Theresa May urges independent probe into 'tragic' Gaza killings
Theresa May has called for an inquiry into the "deeply troubling" deaths of scores of Palestinian demonstrators near the Israeli border.
58 Palestinians were killed and more than 2,700 wounded on Monday after Israeli forces opened fire amid protests at the United States' highly-charged decision to move its embassy to Jerusalem.
In a press conference at Downing Street last night, the Prime Minister described the loss of life as "tragic and extremely concerning", and called for a full probe into what had happened.
She said: "Such violence is destructive to peace efforts and we call on all sides to show restraint.
"There is an urgent need to establish the facts of what happened yesterday through an independent and transparent investigation, including why such a volume of live fire was used and what role Hamas played in events."
Mrs May said that while Israel was entitled to defend its borders, the use of live fire by its forces was "deeply troubling".
That viewed was echoed by Foreign Secretary Boris Johnson, who said after a meeting with his French counterpart that he was "extremely saddened by the loss of life that has taken place".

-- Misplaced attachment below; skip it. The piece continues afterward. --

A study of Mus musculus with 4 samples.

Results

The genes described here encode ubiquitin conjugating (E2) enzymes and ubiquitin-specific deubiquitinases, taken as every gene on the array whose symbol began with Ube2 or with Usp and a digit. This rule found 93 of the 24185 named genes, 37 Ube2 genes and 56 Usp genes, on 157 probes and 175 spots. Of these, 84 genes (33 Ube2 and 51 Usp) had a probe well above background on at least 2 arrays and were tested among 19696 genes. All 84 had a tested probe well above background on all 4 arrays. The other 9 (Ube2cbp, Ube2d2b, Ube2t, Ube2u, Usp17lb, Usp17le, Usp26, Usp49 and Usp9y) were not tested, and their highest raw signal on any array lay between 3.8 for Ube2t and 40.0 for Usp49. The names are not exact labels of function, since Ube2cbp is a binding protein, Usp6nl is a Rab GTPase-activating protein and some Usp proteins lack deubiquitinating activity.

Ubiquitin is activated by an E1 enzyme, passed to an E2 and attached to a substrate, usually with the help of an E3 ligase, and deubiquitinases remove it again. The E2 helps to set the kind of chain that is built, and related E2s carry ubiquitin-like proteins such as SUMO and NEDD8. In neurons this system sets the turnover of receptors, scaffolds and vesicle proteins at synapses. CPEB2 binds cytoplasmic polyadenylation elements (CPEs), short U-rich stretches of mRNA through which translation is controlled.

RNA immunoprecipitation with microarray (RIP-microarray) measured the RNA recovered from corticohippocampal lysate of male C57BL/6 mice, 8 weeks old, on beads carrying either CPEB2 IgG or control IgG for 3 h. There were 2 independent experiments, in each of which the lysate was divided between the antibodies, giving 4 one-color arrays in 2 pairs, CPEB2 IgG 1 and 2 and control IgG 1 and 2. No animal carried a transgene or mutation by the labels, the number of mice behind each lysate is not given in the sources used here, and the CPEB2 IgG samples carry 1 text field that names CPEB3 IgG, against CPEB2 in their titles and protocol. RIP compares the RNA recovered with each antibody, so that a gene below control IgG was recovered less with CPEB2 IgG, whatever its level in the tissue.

He said that while "some have been provoking that violence", there "has got to be restraint in the use of live rounds".
Last night Israeli and Palestinian envoys were involved in heated clashes at the United Nations over the deaths.
Speaking during an emergency session of the UN Security Council, Palestine's UN envoy Riyad Mansour accused Israel of "war crimes", saying: "We condemn in the most emphatic terms the odious massacre committed by Israel in the Gaza Strip."
But Israeli envoy Danny Danon accused Gaza's Hamas government of inciting violence and trying to "place as many civilians as possible in the line of fire to maximise civilian casualties".
"It is a deadly game they play at the expense of innocent children," he said.